The Constitutional Court this week struck down certain aspects of the law on transgender, passed in 2017.
In particular, the court ruled against the use of the binary M/F (or M/V in Dutch) assignation of gender made at the time of birth. The court said it could see no reasonable justification for the rule, and invited the legislator to take account of the principle of self-determination. Gender identity is a personal matter, the court said.
“Persons having a non-binary gender identity should have the possibility of adapting the sex shown on their birth certificate to reflect their gender identity,” the ruling says.
The law, which came into force in January 2018, allows a person to change the gender designation on their official papers without first having to undergo sex change treatment, but only allows a choice between male and female, so that an M can change to an F or vice versa, but nothing else. By contrast, other designations are generally recognised, including non-gendered, gender fluid or genderqueer.
“It is not reasonably justified for persons whose gender identity is non-binary to be obliged to accept on their birth certificate a gender designation based on a choice of man or woman, which does not correspond to their gender identity as lived,” the court ruled.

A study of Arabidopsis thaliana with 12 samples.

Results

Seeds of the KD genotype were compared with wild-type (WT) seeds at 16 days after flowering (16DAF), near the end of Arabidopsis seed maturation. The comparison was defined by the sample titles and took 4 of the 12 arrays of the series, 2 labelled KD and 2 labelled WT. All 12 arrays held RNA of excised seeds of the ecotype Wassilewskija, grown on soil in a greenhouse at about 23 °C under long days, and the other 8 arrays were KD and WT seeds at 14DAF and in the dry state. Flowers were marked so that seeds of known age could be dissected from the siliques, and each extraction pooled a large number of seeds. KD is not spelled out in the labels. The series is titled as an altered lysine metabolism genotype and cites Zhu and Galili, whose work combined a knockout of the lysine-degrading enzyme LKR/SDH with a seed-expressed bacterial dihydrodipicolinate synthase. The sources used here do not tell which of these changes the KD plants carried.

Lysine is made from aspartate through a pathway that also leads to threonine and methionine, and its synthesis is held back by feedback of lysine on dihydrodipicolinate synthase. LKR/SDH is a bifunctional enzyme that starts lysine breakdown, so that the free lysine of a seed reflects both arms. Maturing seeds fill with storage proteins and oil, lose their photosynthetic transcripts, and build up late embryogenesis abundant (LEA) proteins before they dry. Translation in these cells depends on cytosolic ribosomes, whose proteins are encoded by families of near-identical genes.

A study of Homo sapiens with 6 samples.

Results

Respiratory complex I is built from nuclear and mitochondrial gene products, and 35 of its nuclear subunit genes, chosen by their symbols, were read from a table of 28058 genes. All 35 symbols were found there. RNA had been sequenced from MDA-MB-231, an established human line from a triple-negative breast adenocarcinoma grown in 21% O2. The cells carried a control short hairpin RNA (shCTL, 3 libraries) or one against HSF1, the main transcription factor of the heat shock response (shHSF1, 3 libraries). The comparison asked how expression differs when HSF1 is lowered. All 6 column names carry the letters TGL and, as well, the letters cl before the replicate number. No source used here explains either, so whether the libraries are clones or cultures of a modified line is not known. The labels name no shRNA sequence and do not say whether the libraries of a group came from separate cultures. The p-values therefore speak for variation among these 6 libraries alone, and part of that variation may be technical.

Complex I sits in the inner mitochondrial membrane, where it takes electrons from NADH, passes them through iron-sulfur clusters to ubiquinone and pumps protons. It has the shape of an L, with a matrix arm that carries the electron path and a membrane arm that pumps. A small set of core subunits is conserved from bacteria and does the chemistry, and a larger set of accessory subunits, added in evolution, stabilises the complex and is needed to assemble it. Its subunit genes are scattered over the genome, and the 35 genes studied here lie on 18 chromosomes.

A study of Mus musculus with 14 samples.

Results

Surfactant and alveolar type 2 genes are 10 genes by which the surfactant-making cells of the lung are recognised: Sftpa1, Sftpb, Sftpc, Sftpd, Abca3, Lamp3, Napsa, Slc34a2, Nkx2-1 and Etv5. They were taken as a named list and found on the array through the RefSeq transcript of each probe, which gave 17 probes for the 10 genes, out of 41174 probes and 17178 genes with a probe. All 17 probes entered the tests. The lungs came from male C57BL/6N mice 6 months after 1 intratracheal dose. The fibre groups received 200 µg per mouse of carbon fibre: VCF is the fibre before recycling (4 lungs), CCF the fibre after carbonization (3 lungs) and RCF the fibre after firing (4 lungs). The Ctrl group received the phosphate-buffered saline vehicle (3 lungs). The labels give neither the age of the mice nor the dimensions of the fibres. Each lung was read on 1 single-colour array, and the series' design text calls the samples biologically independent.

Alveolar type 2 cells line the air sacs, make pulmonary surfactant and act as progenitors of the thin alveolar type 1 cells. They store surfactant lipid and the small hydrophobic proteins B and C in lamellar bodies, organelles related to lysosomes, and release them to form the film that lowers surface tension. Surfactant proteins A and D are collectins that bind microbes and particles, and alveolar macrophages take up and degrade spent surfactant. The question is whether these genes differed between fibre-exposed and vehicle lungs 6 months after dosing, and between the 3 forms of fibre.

The court left it up to the legislator to remove the unconstitutional aspects of the law identified by the ruling, for example by “the creation of one or several supplementary categories,” or by offering “the possibility of removing gender designation or identity as part of the civil state of a person”.
The court also struck down the element of the law which allows a change of gender on the birth certificate only once. Likewise, the provision for a single change of first name for the purposes of gender identification was also struck down.
In 2017, 110 people chose to change the gender marker on their identity documents; after the law came into force in 2018, the number went up to 727. But certain aspects of the law continued to cause concern.
“The constitutional court has proved us entirely right,” said Jeroen Borghs, spokesperson for the rights group Çavaria. “This is a historic ruling. It is now up to parliament to lead the public debate, and we are ready to take part.” Çavaria has in the past mentioned possible solutions such as the option “X”, or the removal of any gender marker from the birth certificate. “But we are not now making suggestions,” he said. “That will form part of the social debate.”